On Thursday, 9 February, Volodymyr Zelenskyy appeared at the Special European Council Meeting in Brussels, Belgium. He was also invited to be included in the group photo of EU member state leaders. The Ukrainian president, along with EU Council President Charles Michel, walked on a red carpet to the site photoshoot, while receiving applause from many people present.
According to some claims online, including one by British freelance EU Correspondent Jack Parrock, Hungarian PM Viktor Orbán was the lone dissenter withholding his clap from the Ukrainian President. However, this is not true. Even the video footage Parrack himself posted along with his claim contradicts it.
In the 16-second clip, Austrian Chancellor Karl Nehammer and Romanian President Klaus Iohannis do not appear to be clapping either. Nehammer is standing behind Orbán in close proximity, while Iohannis is slightly to his left. It is unclear if there was even any indirect political message intended by Orbán, or any of the two other statesmen, withholding their applause. However, what is clear is that stating that Orbán was the only one of the attendees not to applaud Zelenskyy is simply false.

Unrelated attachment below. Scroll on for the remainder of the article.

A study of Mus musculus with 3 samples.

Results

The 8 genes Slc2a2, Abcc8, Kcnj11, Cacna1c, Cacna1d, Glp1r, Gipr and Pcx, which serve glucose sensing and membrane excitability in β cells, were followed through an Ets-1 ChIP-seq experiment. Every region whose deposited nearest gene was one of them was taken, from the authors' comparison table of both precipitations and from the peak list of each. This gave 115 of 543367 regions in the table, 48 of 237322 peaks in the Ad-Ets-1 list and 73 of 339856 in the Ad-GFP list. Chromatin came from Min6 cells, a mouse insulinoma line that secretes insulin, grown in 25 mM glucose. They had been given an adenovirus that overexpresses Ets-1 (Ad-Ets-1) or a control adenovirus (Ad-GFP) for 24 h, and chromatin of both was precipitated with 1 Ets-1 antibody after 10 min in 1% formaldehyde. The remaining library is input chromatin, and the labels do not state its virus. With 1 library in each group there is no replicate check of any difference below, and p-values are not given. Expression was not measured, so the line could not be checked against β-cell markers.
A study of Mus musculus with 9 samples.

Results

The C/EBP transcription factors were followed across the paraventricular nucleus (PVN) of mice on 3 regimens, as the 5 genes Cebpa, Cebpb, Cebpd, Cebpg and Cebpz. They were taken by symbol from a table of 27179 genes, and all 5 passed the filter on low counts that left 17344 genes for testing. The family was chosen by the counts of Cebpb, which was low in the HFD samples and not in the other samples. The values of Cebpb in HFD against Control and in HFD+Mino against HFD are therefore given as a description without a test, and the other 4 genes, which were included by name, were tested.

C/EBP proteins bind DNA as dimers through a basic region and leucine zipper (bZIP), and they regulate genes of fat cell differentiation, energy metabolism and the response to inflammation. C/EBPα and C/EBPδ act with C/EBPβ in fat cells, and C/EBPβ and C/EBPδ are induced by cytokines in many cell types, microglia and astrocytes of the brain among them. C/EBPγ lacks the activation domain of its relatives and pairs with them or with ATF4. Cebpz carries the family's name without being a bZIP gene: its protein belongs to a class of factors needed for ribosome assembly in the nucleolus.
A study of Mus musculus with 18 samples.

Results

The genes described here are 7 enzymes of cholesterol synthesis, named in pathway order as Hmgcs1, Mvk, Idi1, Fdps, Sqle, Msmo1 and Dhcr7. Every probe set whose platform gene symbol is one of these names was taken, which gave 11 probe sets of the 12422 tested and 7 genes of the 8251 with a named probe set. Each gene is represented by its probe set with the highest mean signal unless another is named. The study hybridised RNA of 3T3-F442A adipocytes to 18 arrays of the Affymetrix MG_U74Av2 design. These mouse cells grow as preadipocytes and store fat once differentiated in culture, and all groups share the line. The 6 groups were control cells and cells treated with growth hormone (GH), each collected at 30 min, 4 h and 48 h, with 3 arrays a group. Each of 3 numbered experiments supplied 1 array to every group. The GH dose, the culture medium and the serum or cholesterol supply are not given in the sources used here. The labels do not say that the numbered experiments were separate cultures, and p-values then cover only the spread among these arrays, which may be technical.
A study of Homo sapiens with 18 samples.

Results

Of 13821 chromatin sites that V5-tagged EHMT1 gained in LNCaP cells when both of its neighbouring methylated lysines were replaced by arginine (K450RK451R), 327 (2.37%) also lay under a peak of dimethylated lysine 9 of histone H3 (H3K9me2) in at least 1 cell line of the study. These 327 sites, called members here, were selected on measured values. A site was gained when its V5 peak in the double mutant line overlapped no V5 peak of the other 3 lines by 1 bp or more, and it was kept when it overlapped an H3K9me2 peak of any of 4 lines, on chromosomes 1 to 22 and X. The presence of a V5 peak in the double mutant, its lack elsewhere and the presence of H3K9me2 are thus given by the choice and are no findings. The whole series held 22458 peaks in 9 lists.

Romanian press reports have also confirmed that President Johannis did not applaud. We have reached out to Chancellor Nehammer to clarify if he did clap or not. The Hungarian Prime Minister later met with President Zelenskyy, along with some other EU leaders, on the sidelines of the Council meeting, and also shared a picture of himself shaking hands with Zelenskyy on his social media.
It is perhaps worth adding that making an issue out of who claps or does not clap for a political figure is typical for communist regimes cultivating a cult of personality around a ‘great leader’. It’s something we could expect to see in North Korea, but in today’s Europe, not so much. The Orbán government, for one, clearly prefers to communicate with its counterparts via traditional diplomatic channels, rather than engaging in gesture politics.